One of E. Dale Abel’s mentors at the University of the West Indies in Kingston, Jamaica, was the School of Medicine chairman, whose strong interest in diabetes and passion for discovery rubbed off on the young scholar. Today, Abel, MD, PhD, is internationally recognized for his research on heart failure in diabetes. Since 2013 he has directed the University of Iowa’s Fraternal Order of Eagles Diabetes Research Center, launched in 2008 with a $25 million gift—one of the largest commitments to diabetes research institutionally in the nation. Throughout his career, Abel’s accomplishments have been celebrated with numerous honors, awards, and appointments to leadership positions. Two such acknowledgements came after his visit with Medicine Iowa: In October, he was elected to the prestigious National Academy of Medicine, and in December, Abel was named chair and departmental executive officer of internal medicine, the largest specialty department in the UI Carver College of Medicine.
Q: What attracted you to the University of Iowa?
A: People and potential. There were already incredible people here working in the broad area of diabetes—senior investigators who were very collaborative, collegial, and committed to doing something bigger than their own work. The Eagles gift brought them together under an umbrella with a more thematic focus around diabetes to create synergy, collaborations, and a powerful message to successfully recruit others.
Q: Who do you want on the diabetes research center team?
A: Excellent investigators who understand the importance of collaboration. We have already recruited in certain areas, attracting exceptional talent in metabolism, obesity, neural regulation of energy expenditure, and tissue engineering, which ultimately becomes important in terms of regenerative medicine for treating diabetic complications and diabetes itself. Plans are underway to recruit into other areas as well. We recruit in partnership with departments and colleges across the university, as well as with our other major research initiatives, including the Obesity Research and Education Initiative.
In a very forward-thinking way, founding director emeritus Daryl Granner (’62 MD, ’62 MS) initiated the process of recruiting junior talent to Iowa, into a nascent diabetes center, even before I came. He had directed the Vanderbilt Diabetes Center, and before that was head of a diabetes center here, both part of a network funded by the National Institutes of Health (NIH). He clearly has a spectacular track record at doing this.
Q: Which UI research shows the greatest potential?
A: I’m always reluctant to pick one or two things to the detriment of others. Clearly there are approaches that, on the surface, appear more exciting, but there are also things that look a little under the radar right now yet could be amazingly innovative. There has been very innovative work on the regulation of appetite, on the regulation of how the liver makes glucose and handles nutrient overload, and on a novel hormone—fibroblast growth factor 21—that may help to prevent weight gain and diabetes by increasing the body’s ability to burn off fat as heat.
Investigators are working on things that I call the “magic bullet,” which if true could become very specific anti-obesity therapies, for example. Additional work is developing a better understanding of the biology of the fat cell, and of the way the brain controls an individual’s preference for certain kinds of food. In another lab, mesenchymal stem cells are being explored as cell-based therapies for diabetes and diabetic complications, with the potential to restore function to damaged tissues. And another team has used human skin cells to create human insulin-producing cells that respond to glucose and correct blood-sugar levels in diabetic mice. This could be a first step toward developing patient-specific cell replacement therapy for Type 1 diabetes.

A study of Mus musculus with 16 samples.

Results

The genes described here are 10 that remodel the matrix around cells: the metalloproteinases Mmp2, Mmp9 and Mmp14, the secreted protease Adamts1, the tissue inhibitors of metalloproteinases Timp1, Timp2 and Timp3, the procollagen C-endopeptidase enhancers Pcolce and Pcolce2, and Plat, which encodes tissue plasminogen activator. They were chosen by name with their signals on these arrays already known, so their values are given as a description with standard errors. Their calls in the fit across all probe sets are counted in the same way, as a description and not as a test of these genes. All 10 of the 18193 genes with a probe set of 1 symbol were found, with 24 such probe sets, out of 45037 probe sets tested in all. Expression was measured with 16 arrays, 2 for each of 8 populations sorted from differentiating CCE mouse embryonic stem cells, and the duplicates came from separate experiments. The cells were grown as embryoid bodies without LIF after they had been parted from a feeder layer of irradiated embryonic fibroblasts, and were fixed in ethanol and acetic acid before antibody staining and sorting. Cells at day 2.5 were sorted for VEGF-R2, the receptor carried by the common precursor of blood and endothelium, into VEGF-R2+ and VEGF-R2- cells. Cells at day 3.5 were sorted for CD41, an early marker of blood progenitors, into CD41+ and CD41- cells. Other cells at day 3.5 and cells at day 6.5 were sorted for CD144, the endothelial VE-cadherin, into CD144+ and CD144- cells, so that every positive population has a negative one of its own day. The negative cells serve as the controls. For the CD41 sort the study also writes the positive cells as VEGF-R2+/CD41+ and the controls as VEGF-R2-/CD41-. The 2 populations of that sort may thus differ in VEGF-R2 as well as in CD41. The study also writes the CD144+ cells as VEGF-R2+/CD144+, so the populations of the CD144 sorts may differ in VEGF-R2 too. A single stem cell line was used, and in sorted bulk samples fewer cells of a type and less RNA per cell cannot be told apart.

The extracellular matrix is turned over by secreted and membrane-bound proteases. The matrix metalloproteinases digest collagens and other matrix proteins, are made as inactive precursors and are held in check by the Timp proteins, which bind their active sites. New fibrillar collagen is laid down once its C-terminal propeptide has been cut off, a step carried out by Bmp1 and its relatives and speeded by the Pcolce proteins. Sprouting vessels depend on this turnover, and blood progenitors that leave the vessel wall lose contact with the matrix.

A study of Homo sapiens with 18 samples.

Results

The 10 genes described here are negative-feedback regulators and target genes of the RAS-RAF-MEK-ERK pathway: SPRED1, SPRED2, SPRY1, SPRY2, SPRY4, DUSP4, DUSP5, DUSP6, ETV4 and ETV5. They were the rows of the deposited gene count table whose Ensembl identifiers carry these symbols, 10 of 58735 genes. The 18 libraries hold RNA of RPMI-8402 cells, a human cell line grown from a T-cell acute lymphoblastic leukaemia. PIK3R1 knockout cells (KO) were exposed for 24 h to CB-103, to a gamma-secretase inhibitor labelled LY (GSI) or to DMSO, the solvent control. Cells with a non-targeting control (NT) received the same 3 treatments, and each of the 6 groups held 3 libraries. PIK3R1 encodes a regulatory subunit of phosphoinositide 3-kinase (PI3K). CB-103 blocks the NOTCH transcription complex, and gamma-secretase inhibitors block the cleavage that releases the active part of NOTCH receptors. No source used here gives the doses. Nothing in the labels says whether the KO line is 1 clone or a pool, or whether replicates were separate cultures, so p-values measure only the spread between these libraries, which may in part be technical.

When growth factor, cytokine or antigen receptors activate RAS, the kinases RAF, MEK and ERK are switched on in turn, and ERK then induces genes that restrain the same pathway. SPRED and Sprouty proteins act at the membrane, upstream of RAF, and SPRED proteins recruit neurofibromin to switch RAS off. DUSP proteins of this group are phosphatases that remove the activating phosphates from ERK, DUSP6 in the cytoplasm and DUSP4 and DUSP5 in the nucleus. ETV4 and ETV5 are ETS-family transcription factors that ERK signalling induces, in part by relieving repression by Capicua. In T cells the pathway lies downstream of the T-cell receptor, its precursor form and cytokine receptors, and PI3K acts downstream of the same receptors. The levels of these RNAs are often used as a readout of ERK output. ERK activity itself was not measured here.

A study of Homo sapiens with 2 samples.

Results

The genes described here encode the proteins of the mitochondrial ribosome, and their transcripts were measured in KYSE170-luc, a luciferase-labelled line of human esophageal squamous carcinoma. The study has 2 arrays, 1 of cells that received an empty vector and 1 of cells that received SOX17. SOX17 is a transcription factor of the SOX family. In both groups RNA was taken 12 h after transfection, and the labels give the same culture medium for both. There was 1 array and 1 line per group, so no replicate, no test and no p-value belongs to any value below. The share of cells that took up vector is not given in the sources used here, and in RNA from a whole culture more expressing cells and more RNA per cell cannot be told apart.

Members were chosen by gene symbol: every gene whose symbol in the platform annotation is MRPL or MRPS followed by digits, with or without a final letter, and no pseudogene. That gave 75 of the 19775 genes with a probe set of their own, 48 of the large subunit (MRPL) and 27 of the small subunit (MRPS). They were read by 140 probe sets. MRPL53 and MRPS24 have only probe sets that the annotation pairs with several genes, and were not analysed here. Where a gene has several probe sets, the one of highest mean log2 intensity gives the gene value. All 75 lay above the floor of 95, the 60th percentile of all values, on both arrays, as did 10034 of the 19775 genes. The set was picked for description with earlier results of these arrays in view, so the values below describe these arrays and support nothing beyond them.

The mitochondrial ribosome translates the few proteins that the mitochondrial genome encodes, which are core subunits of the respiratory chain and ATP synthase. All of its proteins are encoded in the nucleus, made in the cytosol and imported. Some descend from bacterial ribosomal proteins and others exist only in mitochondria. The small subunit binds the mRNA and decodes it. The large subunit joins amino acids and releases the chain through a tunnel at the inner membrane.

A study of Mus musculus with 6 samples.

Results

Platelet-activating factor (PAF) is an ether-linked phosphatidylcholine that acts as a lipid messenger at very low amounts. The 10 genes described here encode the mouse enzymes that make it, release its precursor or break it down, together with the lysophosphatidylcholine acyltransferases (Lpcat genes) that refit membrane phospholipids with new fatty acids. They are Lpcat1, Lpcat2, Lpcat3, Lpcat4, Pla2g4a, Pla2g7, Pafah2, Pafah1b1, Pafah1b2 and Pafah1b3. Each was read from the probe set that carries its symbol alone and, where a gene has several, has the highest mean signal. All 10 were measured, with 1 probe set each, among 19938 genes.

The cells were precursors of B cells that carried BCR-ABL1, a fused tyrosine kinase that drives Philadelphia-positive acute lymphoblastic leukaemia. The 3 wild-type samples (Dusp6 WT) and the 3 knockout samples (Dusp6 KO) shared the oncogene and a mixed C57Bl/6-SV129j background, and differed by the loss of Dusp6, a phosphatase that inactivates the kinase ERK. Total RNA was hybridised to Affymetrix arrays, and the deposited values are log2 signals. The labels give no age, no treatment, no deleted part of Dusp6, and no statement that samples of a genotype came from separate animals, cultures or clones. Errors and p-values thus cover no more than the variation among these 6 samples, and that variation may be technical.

The other aspect of research is what I call the penumbra, which is not necessarily diabetes-related but reflects our intellectual horsepower, such as the Strategically Focused Hypertension Research Center. Many of its key players are members of the diabetes research center. We also support translational research— ideas that change the way we execute health care delivery related to diabetes. For example, one of our pilot and feasibility grantees, an infectious disease specialist, has used innovative electronic tools through smartphones, the Web, and game theory that could have a big impact on people’s behavior in controlling diabetes. We certainly want to encourage people to think outside the box.
Q: The University of Iowa formerly had an NIH-funded Diabetes Endocrinology Research Center, awarded in the 1970s. Are we pursuing funding for another center?
A: The National Institute of Diabetes and Digestive and Kidney Diseases (NIDDK) has not increased the number of Diabetes Research Centers, so the only way to get one is to knock somebody off the list. The established centers are strong and obviously work very hard to maintain their status. I would hope within five years that we’d compete, but given the current federal funding environment, it’s hard to predict. Our investigators have had success securing NIDDK grants, which is a metric by which they determine whether to fund you as an NIDDK Diabetes Research Center.
Q: What motivates you?
A: I’m very motivated by talent and by people’s willingness to push boundaries and push the envelope. One of my roles is cheerleader in chief. When members of my lab or colleagues within the diabetes center tell me what they have discovered or are just about to discover, or they sit down with me to plan a strategy for applying for grants or publishing their research in a journal, those encounters are very energizing because they represent the multiple elements that ultimately will feed into our success.